Active lifestyle and Covid-19: does the cure start before the disease?
The answer is most probably yes, as this blog will show. Let's start off with some facts about Covid-19.
1. Comorbidities and Covid-19
"A comorbidity is the presence of one or more additional conditions co-occurring with a primary condition."
The World Health Organization (WHO) has reported in February on the impact of comorbidity on the death rate (=deaths/case) of Covid-19. The report was based on 44,600 confirmed cases. For 20,812 cases, underlying conditions were documented. Of those cases, 511 (1.1%) cases lead to a fatality with following comorbidities:
Comorbidities and Covid-19 fatalities (Source: WHO)
The data shows that:
- One third of the fatalities suffered from hypertension,
- an other third suffered from cardiovascular disease and diabetes,
- and the last third suffered from other or no comorbidities
These numbers were reported over all ages. An in-depth analysis of the relation between age, Covid-19 fatality and comorbidities should be performed with worldwide data as well as they become available.
Recently, the relationship between being overweight and Covid-19 in the ICU has been highlighted in a recent Dutch study as well. Up to 80% of Covid-19 patients in the ICU are overweight. Data in Belgium seems to confirm this hypothesis as well, with 7 out of 10 Covid-19 patients in the ICU being overweight. This while the prevalence of overweight in the general population is 40-50%. Which is a dramatic number by itself.
2. Chronic disease in general
"Chronic diseases represent a major share (77 %) of the total burden of disease in Europe and are responsible for 86 % of all yearly deaths".
Research is clearly needed that investigates the effects of chronic disease on Covid-19 fatalities and the avoidable deaths related to the co-occurrence of both.
Around 700 billion€/year is spent in the EU on chronic diseases, which represents up to 70-80 % of a country’s total health expenditure. The rise in chronic diseases are putting an increasing strain on health and social systems in the EU and on the health and well-being of EU citizens. [source]
3. How to reduce the risk of chronic disease
There are 4 widely accepted measures that drastically reduce the risk of getting a non-communicable disease such as diabetes and cardiovascular disease:
- No smoking
- No (or limited) alcohol consumption
- Healthy eating habit
- Active lifestyle
Scientific research reports that investing in healthy lifestyles that avoid overweight and include physical activity lead to a significant reduction of up to 70% or even up to 90% (diabetes II) of disease incidences for certain lifestyle diseases or non-communicable diseases. [source]
There seems to be strong evidence for a relationship between the lack of healthy lifestyle and a large number of Covid-19 fatalities. This has also been the case for the regular flu. Pressure on our health care system and on human well-being is still at high levels due to unbalanced lifestyle habits. More effort should be invested in researching and battling this issue.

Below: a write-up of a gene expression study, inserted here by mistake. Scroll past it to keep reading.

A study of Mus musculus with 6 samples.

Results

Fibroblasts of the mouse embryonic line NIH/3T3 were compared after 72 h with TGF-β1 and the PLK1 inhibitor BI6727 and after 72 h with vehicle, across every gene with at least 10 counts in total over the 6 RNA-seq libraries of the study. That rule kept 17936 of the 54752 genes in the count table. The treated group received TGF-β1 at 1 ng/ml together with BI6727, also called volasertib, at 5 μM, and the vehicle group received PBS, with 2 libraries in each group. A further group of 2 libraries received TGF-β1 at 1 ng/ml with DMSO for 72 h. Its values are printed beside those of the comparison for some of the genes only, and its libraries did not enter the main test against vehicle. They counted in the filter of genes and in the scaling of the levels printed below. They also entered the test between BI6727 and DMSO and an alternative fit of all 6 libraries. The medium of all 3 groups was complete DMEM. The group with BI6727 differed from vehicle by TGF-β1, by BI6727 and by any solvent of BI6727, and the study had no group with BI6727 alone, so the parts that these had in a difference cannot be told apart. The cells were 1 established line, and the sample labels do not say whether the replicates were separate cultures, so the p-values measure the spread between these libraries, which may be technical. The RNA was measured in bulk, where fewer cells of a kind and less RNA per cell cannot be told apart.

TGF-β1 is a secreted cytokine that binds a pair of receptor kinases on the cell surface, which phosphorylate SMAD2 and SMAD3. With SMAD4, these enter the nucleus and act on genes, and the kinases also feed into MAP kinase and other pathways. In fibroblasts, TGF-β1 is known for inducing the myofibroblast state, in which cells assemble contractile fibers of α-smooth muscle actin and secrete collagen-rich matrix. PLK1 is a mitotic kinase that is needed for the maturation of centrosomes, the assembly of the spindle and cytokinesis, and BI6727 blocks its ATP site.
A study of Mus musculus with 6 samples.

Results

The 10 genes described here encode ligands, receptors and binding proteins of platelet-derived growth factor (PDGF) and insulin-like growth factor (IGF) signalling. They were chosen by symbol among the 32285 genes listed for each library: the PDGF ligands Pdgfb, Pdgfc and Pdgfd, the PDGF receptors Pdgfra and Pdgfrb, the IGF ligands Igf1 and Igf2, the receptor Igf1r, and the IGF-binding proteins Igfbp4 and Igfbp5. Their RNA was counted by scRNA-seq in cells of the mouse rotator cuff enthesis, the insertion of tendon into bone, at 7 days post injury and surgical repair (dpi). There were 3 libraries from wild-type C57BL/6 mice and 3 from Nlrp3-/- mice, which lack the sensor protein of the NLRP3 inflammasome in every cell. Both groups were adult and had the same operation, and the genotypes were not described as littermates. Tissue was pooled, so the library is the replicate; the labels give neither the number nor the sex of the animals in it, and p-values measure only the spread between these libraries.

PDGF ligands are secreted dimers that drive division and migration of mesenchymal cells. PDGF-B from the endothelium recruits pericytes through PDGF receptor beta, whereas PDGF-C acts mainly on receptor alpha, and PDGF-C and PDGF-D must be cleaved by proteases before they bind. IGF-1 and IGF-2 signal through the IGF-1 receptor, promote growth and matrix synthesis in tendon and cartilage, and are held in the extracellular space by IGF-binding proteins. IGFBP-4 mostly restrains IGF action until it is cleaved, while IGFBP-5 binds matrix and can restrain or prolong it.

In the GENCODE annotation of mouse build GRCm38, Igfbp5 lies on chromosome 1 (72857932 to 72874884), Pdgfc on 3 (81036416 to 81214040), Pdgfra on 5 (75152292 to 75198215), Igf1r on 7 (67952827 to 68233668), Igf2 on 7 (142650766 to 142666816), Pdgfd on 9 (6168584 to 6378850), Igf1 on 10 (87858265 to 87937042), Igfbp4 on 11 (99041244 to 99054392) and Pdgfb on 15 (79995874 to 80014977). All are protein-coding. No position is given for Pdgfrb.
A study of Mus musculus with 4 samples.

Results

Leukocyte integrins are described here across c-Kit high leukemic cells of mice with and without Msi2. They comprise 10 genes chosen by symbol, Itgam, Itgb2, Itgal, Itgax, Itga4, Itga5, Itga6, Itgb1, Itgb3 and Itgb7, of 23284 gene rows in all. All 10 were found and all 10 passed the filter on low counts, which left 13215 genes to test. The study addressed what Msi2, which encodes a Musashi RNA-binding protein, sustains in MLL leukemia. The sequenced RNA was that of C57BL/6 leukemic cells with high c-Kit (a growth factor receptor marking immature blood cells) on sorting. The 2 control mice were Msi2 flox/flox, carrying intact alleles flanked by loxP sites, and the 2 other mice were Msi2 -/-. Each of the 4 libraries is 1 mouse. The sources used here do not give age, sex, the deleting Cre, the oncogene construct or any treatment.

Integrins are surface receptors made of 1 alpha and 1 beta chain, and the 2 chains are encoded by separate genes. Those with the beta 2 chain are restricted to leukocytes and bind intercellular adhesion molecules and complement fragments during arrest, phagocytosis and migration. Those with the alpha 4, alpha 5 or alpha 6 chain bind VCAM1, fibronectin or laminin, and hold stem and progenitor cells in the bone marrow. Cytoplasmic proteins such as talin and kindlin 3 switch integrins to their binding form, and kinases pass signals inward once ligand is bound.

With health care budgets increasingly under pressure, focus is put on curing patients. Rightfully so. However, if we want to reduce the incidence of chronic diseases, we need to start to invest more in prevention now.
In countries such as The Netherlands and Australia, sports and health ministries are combined into one department. This fully makes sense, yet sports is more often viewed as part of youth and entertainment than a part of health. In countries such as the UK and Belgium, sports is housed differently, in departments related to Culture, Youth and/or Media.
As we showed above, physical activity is a key health factor and can prevent many avoidable deaths. It can also relieve pressure on the healthcare budget, creating opportunities to invest even more in curing patients. It's a matter of choice.
The societal value of sports is often understated. Good health and well-being is the number three goal of the EU’s 17 sustainable development goals (SDGs) and sports should play a very prominent role within it.
Let's start understanding that living a healthy and active lifestyle is key to a sustainable health care system and many more positive effects on individuals and society. Curing patients is extremely important, but keeping them healthy and out of hospitals is equally so.
- Report of the WHO-China Joint Mission on Coronavirus Disease 2019 (COVID-19) [Pdf] - World Health Organization, Feb. 28, 2020,
- Kuipers Cavaco Y, Quoidbach V. Public health in the EU: State-of-play and key policy challenges. European Union; 2014,
- Willett, Walter C., et al. "Prevention of chronic disease by means of diet and lifestyle changes." Disease Control Priorities in Developing Countries. 2nd edition. The International Bank for Reconstruction and Development/The World Bank, 2006.